A Danish F-16 fighter jet decorated with the Danish flag ‘Dannebrog’ in honour of the flag’s recent 800-year celebration was deployed to rebuff a Russian spy plane near Danish airspace this week.
The F-16 was dispatched as part of a routine assignment to prevent a Russian aircraft, an IL-20M, from entering Danish airspace.
The Danish Air Force subsequently released some stunning images from the undramatic encounter – something they don’t do very often.
“The deployment was a routine task for the airspace protection response unit, but it is rare that we get pictures that are so beautiful. So we won’t deny you those,” the Air Force wrote on Facebook (see images here).
Staying near home
The Danish F-16 adorned with the flag will not be deployed abroad for defence purposes anymore, but will remain part of the airspace protection response unit until it retires. It will, however, take part in a show abroad next year marking the 40th anniversary of the F-16.
The Russian aircraft never did enter Danish airspace, but the Air Force has increasingly been forced to deploy its F-16 fighter jets in response to Russian aircraft approaching Danish airspace in recent years.
Danish F-16s responded 38 times to approaching Russian aircraft last year, which is comparable to the 37 times it did so in 2017.
Danish plan to improve EU conflict support
Denmark is ready with a strategy (here in English) that aims to improve Danish and EU assistance to vulnerable countries that have endured conflict. The plan involves helping countries rebuild and train police and security forces, preventing cross-border crime and curbing migration. In the EU, Denmark has deployed the second-most people per capita to EU-run crisis operations. Currently, the EU operates 10 missions in countries that have been, or are currently, in strife. They include Ukraine, Georgia, Iraq, Somalia, Kosovo, Palestine and several areas in north Africa.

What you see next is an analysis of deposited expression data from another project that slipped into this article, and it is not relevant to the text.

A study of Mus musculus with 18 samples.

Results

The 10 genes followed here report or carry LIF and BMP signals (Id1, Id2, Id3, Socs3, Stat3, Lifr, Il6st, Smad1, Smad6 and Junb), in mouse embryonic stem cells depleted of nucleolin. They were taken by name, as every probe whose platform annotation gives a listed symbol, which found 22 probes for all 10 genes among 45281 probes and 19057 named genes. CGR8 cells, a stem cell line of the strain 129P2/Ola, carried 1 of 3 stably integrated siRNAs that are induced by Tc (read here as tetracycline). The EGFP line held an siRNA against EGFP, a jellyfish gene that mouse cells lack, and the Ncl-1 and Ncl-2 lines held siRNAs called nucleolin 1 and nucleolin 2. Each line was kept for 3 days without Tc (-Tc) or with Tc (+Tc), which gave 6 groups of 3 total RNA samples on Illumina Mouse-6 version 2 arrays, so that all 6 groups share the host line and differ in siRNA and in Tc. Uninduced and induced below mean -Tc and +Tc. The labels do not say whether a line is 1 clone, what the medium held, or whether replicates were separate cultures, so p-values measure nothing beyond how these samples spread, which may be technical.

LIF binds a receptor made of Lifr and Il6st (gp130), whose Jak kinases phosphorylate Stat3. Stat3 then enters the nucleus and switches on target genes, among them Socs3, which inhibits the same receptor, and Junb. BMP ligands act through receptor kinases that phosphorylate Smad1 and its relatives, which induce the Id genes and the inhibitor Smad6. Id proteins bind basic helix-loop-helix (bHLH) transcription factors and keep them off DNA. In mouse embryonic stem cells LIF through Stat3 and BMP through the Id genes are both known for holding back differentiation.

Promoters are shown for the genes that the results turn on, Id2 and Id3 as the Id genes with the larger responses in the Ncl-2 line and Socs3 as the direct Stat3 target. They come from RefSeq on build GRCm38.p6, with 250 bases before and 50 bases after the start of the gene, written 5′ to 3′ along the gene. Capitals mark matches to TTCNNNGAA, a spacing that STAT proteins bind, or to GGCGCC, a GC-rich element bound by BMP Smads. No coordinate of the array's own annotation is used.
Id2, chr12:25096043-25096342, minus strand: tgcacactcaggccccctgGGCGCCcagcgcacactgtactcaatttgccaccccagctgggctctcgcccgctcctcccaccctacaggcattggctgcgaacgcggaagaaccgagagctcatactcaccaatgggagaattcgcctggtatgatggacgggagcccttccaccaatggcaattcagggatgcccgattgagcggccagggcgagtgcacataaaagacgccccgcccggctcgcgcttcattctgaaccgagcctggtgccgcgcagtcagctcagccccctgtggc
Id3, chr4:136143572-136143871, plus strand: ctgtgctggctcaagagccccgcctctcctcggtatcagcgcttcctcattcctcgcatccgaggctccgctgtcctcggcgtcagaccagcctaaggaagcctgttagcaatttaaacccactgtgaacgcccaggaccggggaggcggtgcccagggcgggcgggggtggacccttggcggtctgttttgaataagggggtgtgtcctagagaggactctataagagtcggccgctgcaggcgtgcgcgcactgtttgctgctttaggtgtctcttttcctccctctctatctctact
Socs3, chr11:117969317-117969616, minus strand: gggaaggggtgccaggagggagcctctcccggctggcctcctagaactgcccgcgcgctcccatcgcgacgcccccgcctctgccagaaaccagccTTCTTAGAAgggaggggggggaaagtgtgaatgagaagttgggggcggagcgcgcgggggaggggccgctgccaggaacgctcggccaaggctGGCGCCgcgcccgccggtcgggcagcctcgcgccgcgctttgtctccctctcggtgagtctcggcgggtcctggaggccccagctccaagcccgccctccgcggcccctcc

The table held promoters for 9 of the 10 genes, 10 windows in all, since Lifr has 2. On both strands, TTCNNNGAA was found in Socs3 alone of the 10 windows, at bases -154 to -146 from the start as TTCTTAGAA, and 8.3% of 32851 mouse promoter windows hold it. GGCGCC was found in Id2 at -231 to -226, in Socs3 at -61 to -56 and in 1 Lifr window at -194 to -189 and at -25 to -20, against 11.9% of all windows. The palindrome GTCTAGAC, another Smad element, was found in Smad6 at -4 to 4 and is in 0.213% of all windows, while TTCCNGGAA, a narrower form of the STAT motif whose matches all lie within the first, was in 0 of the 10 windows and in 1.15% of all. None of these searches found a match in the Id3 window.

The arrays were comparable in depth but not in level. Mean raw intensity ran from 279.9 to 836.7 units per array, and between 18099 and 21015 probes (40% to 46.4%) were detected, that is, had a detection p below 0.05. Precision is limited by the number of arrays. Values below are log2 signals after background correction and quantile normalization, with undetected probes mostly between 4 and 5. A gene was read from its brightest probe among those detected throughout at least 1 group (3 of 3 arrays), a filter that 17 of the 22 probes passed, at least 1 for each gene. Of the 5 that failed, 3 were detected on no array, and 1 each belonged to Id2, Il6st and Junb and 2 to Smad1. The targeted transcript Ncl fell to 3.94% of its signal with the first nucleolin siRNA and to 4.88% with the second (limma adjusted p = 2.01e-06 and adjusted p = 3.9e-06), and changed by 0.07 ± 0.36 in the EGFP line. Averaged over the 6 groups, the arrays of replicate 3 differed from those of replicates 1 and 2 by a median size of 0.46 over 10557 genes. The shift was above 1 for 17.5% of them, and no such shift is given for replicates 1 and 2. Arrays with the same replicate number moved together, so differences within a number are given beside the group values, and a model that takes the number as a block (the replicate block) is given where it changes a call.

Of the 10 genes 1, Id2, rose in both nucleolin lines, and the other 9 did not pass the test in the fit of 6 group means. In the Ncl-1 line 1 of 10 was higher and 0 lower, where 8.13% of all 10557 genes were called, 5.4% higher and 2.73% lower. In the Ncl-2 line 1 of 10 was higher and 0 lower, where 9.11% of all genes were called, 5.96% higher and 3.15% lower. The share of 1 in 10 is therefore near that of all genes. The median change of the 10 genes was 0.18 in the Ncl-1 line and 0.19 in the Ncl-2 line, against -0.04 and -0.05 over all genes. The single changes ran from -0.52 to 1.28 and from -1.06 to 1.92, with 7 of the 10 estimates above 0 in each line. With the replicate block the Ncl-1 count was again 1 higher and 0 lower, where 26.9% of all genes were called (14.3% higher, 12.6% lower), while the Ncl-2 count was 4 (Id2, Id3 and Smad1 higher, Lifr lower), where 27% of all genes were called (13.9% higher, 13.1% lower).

A change in Danish development policy
Denmark has made significant changes to its development strategy for the coming year so that it focuses more on the climate and helping more people in need. The alteration means that Denmark will now assume a global leadership role for the green transition, help more people in their local communities, contribute to giving Africa’s young people more opportunity in their own countries and fight to strengthen Denmark’s efforts in regards to gender equality and the rights of women and girls. Read more about the government’s development plans here (in Danish).
Irish coffee for Mette …
PM Mette Frederiksen is due to meet her Irish counterpart Leo Varadkar for a working lunch in Copenhagen on October 4. Frederiksen said that Brexit would be on the agenda, particularly given that the UK is set to leave the EU in less than a month. Other topics to be broached include the climate and how the EU can lead the way in terms of tackling the grave issue.
… and an Italian cappuccino
Then next week on October 8, Frederiksen is scheduled to meet with Italy’s president Sergio Mattarella in Copenhagen. The pair are due to discuss Danish-Italian co-operation, as well as European migration challenges and climate issues. In connection with the meeting, Frederiksen said that “Denmark leads a stringent immigration policy and shows international leadership in regards to the climate agenda. We can do a lot here at home, but even more can be achieved through co-operation.”
New permanent EU rep for Denmark
As of October 4, Jonas Bering Liisberg will become Denmark’s new permanent representative in the EU. Liisberg, who was previously part of the Foreign Ministry’s leadership, will replace Kim Jørgensen, who has been appointed the head of cabinet for EU commissioner Margrethe Vestager. Jørgensen still requires the EU Commission to approve his appointment.